At this point in the development cycle, and after hearing that Ubisoft might be shifting gears on the project, we’re not sure what to make of Rainbox Six: Patriots going forward. The sequel burst onto the scene with a controversial teaser trailer during the 2011 Spike Video Game Awards, but after that the development team went dark.
Up until the reveal of that trailer Ubisoft had been making claims about the title’s revolutionary FPS storytelling, but then they took a step back to re-evalutate. It’s unclear whether that new direction, which featured some pretty gritty, yet realistic iconography, has changed, but we do know that the project has not yet been canned.
In fact, according to Ubisoft CEO Yves Guillemot, the project is still alive, but it may not be coming any time soon. When asked point blank by Polygon about Rainbow Six: Patriots, Guillemot’s response was this:
“The only thing I can say is that we have a good team working on it, and it’s really looking good. So when it will come, it will surprise the industry.”
This response, of course, drew questions of whether or not Rainbox: Six Patriots is now being positioned as a next-gen title, set for release on the Xbox 720 and PS4. While many developers, when posed that very same question, have been quite cagey, Guillemot was surprisingly candid, saying “there’s a good chance it [could] be.”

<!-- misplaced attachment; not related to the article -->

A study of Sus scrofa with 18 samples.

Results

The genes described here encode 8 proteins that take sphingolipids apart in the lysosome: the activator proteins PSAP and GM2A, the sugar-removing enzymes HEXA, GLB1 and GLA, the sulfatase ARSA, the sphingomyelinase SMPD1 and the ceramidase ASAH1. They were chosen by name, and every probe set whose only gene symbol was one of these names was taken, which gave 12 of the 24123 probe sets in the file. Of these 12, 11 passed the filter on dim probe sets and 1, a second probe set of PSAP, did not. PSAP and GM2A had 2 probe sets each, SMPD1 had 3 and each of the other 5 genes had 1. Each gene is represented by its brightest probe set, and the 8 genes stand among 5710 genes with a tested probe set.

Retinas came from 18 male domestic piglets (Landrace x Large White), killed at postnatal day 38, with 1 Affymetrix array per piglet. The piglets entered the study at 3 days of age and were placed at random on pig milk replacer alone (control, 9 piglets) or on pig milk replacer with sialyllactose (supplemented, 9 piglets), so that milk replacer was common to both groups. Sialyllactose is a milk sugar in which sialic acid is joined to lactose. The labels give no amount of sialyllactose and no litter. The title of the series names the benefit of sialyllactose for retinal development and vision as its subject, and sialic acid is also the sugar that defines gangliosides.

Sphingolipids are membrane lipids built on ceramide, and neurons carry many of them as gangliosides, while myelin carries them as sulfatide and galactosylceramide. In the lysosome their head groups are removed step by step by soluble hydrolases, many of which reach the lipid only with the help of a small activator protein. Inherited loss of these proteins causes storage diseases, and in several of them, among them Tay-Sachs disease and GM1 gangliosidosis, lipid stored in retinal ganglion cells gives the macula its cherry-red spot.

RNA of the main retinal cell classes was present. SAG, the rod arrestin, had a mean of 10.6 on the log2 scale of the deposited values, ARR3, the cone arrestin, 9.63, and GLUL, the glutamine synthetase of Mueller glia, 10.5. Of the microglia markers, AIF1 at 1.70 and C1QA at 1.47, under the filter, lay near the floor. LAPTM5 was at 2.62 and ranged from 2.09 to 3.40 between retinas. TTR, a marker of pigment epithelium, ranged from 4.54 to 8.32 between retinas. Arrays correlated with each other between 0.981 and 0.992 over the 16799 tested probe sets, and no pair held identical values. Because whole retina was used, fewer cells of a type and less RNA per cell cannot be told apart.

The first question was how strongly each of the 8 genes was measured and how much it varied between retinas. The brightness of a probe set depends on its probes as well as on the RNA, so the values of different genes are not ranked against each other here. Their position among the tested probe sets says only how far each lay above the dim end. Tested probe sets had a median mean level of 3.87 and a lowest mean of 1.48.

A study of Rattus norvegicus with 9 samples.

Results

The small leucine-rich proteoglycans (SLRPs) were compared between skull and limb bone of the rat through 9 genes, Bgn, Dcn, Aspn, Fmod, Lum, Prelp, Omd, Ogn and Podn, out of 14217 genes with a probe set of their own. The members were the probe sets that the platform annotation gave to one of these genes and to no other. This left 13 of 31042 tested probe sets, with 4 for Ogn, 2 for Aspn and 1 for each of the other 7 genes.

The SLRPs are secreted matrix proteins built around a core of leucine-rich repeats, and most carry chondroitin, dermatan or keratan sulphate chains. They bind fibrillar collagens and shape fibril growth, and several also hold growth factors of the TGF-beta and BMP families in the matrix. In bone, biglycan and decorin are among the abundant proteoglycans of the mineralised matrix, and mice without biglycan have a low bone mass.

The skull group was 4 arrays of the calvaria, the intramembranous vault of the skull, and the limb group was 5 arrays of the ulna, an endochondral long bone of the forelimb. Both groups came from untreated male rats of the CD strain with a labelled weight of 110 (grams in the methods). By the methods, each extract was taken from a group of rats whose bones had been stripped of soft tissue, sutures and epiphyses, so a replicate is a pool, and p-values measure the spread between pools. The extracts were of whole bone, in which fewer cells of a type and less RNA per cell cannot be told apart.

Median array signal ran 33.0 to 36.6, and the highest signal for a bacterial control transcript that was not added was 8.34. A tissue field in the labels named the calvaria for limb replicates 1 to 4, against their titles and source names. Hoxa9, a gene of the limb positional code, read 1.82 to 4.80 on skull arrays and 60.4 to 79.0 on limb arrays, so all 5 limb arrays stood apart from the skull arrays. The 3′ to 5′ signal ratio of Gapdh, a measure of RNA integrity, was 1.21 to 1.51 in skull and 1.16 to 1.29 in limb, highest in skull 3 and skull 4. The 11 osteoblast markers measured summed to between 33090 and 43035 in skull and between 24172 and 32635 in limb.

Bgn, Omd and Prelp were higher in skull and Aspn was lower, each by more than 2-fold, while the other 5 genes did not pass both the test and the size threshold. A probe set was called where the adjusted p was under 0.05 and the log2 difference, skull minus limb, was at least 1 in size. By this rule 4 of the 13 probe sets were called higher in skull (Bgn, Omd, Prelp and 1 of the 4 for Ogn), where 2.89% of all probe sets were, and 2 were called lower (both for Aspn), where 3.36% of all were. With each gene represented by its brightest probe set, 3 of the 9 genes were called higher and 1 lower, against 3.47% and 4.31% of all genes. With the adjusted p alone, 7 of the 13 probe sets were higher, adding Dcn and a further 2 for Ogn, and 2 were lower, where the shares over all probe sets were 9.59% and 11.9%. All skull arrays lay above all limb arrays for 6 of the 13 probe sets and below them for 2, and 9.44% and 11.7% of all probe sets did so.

Guillemot’s (presumed) confirmation of next-gen for Rainbow Six: Patriots also came with a more detailed explanation of the development team’s decision to infuse the sequel with a heavier focus on morality and to pepper in some tough decisions throughout the campaign. Focusing on a terrorist group working throughout New York City provides its own gritty context, but that’s only the first layer.
“You have to make decisions and that implies lots of ethical choices. In the decisions you make, we have to define where you can go, and there were lots of discussions on what’s possible, what should be possible, what shouldn’t be possible. But that’s what is interesting with the concept – being able to give a choice to the person who is playing.”
At the very least, Rainbow Six fans should find comfort in Guillemot’s claim that the game is not dead. While the game’s teaser trailer caught our interest, it also was met with some fair criticism over its graphic content. That is the nature of Patriots‘ concept, but whether or not that will work as a cohesive game is another thing altogether.
Nevertheless, we look forward to seeing more from Rainbow Six: Patriots — potentially at E3 2013 — and receiving another peek at what the next-gen will hold for video games.
Are you happy to hear that Rainbow Six: Patriots is still in development? How would you like to see the franchise adapted to the next-gen?